Rescue services were last night keeping a close watch on the Pantanal — which is as long as a football pitch — to ensure there is not an environmental disaster off the west coast.
Booms were put in place around the 120-metre vessel to contain any pollution risk.
Marine Minister Simon Coveney was due to visit the scene off Rossaveal in south Connemara last night to inspect the situation.
The German owners of the 7,000-tonne cargo ship have organised for a tugboat to try to pull it off the rocks this morning.
The Pantanal with 16 crew on board broke its anchor mooring in shallow waters just off the Co Galway at about 6am.
The vessel, which is registered in Antigua, had sailed to Ireland to pick up two passenger ferries at Rossaveal to carry them to Mauritius.
The two ferries had been recently built for Bad Arann Teo.
The shipping firm Harren and Partner of Bremen, which operates the Pantanal, said they had sent representatives to the stricken vessel and attempt to pull it clear at high tide this morning.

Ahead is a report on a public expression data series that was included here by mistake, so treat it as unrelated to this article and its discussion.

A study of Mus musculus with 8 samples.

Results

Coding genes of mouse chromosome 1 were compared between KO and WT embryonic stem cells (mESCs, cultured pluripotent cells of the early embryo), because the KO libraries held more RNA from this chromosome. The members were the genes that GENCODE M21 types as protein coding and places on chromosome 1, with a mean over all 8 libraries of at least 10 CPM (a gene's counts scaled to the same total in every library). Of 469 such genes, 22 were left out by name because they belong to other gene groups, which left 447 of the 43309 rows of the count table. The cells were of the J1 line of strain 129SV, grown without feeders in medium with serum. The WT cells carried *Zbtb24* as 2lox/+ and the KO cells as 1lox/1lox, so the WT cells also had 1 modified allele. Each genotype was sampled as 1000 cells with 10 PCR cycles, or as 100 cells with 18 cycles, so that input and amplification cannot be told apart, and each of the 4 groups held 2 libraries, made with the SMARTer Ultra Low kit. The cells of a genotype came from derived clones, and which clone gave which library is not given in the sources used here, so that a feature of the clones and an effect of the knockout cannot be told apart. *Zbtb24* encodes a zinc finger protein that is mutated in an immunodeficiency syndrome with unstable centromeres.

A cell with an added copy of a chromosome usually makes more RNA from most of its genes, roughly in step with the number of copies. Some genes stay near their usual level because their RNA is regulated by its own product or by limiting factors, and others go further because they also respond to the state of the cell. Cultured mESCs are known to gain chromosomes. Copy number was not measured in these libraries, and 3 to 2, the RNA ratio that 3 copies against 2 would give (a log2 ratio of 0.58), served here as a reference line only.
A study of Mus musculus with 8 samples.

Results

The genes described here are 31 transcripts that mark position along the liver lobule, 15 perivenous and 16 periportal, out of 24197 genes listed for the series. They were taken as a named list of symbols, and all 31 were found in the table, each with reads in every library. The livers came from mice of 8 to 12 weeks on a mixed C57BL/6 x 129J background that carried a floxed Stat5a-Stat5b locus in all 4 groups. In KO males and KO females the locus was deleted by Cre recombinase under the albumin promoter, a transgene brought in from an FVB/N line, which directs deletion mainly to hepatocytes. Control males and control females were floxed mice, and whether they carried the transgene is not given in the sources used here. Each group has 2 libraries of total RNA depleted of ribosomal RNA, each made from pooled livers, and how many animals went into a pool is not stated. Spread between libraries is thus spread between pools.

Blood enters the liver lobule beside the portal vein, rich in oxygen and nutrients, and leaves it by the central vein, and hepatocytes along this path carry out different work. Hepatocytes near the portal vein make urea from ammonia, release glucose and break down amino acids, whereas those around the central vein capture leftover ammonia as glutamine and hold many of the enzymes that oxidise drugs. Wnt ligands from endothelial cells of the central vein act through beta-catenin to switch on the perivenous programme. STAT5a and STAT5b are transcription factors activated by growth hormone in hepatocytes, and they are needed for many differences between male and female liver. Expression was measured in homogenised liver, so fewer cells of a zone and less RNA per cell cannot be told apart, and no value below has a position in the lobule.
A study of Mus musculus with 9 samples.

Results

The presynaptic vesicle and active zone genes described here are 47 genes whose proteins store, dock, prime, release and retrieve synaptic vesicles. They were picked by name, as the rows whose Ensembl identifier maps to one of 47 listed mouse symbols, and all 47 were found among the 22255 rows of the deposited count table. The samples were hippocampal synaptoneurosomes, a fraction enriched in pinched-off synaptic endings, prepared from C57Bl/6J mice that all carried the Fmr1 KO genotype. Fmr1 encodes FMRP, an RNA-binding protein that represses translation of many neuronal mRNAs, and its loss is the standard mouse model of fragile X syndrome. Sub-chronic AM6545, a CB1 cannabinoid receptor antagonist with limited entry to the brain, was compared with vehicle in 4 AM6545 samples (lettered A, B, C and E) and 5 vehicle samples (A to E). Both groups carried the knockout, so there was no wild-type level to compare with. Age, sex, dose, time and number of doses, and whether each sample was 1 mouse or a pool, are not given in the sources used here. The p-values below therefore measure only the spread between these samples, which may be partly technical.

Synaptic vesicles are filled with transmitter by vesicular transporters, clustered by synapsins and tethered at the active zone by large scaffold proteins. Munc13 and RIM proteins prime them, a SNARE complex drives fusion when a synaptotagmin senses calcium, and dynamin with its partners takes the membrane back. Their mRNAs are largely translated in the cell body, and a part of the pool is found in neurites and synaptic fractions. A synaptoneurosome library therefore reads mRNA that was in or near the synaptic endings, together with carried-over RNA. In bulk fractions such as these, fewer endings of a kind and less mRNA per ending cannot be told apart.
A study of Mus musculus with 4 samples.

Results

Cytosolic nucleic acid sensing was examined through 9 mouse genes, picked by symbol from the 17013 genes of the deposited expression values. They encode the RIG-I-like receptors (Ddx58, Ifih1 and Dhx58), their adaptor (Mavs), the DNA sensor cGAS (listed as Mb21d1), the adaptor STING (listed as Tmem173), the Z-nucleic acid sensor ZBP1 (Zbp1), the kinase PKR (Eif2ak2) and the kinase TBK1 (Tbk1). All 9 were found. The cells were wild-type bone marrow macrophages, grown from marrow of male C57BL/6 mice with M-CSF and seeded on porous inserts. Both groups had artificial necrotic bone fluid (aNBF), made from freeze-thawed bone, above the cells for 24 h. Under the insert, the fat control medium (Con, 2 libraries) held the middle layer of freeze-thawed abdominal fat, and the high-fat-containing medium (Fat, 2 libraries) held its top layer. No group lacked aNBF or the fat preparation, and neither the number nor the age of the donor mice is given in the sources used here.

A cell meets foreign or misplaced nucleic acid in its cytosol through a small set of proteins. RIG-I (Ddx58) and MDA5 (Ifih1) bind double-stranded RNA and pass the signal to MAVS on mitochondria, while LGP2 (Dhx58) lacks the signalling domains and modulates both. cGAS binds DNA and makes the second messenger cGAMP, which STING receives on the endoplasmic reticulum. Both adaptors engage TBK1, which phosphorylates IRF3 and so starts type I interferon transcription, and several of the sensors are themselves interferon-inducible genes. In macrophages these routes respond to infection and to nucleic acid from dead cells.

“The vessel and her crew are safe. There is no risk of any pollution and the vessel’s underwriters, together with our emergency response team, are working on re-floating plans, together with tug assistance.
“There is no visible nor obvious damage from the vessel and we are optimistic that this unfortunate grounding can be resolved soonest,” it said.
The two passenger ferries had not been loaded on the Pantanal when it got into difficulty yesterday, when it ran up on rock and a sandbank close to the entrance to Rossaveal fishery harbour.
The Irish Coast Guard’s Costelloe Bay Unit was alerted, along with the gardaí at Carraroe, and rescue agencies including the RNLI Aran island lifeboat were put on standby.